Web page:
Mashudu Netsianda, Senior Reporter
GOVERNMENT has floated a tender for the construction of the 260km Gwayi-Shangani Dam-Bulawayo pipeline, which marks the implementation of the Second Phase of the National Matabeleland Zambezi Water Project (NMZWP).
The Gwayi-Shangani Dam construction and completion have been made a top priority and this year Government allocated $4,5 billion towards the project, which is expected to be completed before the end of the year.
The dam will have a holding capacity of 650 million cubic metres of water, which is slightly bigger than the total capacity of Bulawayo’s six supply dams.
The massive water project, which is set to address Bulawayo’s perennial water crisis, is being implemented in three phases with the Zimbabwe National Water Authority (Zinwa) engineering the project.
Construction works done at the dam site so far are at 39 percent. The construction of the pipeline from the dam to Bulawayo and pump stations along the pipeline will be followed by the construction of the bulk water abstraction infrastructure on the Zambezi River and linkage to the Gwayi-Shangani Dam.
Government is inviting bids for the construction of the pipeline route from the dam to Bulawayo.
Local contractors that will be engaged will be divided into sections to speed up the works. The dam is expected to start holding water by the end of the year.
In a statement, the Ministry of Ministry of Lands, Agriculture, Fisheries, Water and Rural Resettlement yesterday said it was opening up the tender for the construction of the Gwayi-Shangani Dam-Bulawayo pipeline.
The bidding is only open to local companies.
“The Government of Zimbabwe is implementing the National Matabeleland Zambezi Water Project which has three phases. Phase One is the ongoing construction of the Gwayi-Shangani Dam and Phase Two is the construction of a 260km pipeline and pumping stations linking the Gwayi-Shangani Dam to Bulawayo,” read the statement.
“The Third Phase is the construction of the bulk water abstraction infrastructure on the Zambezi River and a linkage to the Gwayi-Shangani Dam. The Government of Zimbabwe allocated resources to the Ministry of Lands, Agriculture, Fisheries, Water and Rural Resettlement to commence the implementation of Phase Two during the 2021 financial year.”
According to the statement, Zinwa as the engineer for the project, is inviting suitable companies to construct the pipeline.
“Following the groundbreaking ceremony officiated by His Excellency President ED Mnangagwa on 25 February 2021 to mark the commencement of Phase Two of the project, Zinwa, the engineer of the project, is inviting tenders from established and experienced contractors who registered with the Procurement Regulatory Authority of Zimbabwe (PRAZ) in line with the Public Procurement and Disposal of Public Assets (PPDPA) Act and Disposal of Public Assets (General) Regulations (Statutory Instrument No. 5 of 2018), for the construction of the Gwayi-Shangani Dam-Bulawayo pipeline,” read the statement.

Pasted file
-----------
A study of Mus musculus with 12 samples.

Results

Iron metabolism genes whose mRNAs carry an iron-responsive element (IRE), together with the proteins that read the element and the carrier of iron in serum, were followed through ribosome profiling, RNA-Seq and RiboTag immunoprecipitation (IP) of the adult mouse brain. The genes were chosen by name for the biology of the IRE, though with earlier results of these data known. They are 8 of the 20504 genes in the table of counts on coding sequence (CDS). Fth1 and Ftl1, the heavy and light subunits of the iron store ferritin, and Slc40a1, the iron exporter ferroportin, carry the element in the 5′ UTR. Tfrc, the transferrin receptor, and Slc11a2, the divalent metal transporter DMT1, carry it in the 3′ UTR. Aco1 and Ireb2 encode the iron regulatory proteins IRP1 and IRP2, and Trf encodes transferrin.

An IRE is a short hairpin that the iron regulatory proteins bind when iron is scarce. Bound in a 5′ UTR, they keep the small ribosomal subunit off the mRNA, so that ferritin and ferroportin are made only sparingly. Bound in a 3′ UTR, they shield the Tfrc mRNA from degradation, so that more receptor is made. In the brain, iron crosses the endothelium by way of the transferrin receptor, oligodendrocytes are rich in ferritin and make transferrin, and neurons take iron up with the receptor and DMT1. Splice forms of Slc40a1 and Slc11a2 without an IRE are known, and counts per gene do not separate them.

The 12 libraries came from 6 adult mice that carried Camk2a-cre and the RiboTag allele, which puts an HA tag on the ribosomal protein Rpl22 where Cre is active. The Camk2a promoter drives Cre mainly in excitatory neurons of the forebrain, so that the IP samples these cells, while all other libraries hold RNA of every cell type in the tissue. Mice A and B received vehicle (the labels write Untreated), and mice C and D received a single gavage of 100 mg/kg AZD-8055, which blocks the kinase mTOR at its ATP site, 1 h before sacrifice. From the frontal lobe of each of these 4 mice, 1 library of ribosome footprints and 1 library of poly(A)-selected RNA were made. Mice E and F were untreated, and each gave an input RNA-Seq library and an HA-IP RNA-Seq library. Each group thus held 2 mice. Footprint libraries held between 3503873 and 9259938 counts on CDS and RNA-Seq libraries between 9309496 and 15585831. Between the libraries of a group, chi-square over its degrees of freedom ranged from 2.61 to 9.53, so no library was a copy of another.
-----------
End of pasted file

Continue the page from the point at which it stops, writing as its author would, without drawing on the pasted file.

The ministry said it will be compulsory for prospective bidders to visit the site where the pipeline will be constructed between May 13 and June 16, 2021.
Prospective bidders will be expected to meet on the stated dates at Nkulumane Complex along Masiyephambili Drive in Bulawayo where they will be led to Cowdray Park where the pipeline ends and proceed to Nyamandlovu up to Gwayi Shangani Dam site.
The Ministry said tender bids will be closed on June 16, 2021 at 10AM.
Gwayi-Shangani Dam is located in Hwange District and upon completion is set to also benefit Binga and Lupane districts, Bulawayo as well as communities along the pipeline.
Plans are underway to establish a green belt between Bulawayo and the dam as communities staying along the pipeline will have access to water for irrigation.
The completion of the dam and the pipeline is viewed as the permanent solution to Bulawayo’s water crisis.
The city’s residents have for years been subjected to water rationing due to inadequate water in the city’s supply dams which has been blamed on the effects of climate change.
Bulawayo gets its water from Insiza, Mtshabezi, Inyankuni, Umzingwane, lower and upper Ncema in the Umzingwane catchment which due to successive drought years have not had significant inflows but the situation has dramatically changed this year following good rains. — @mashnets.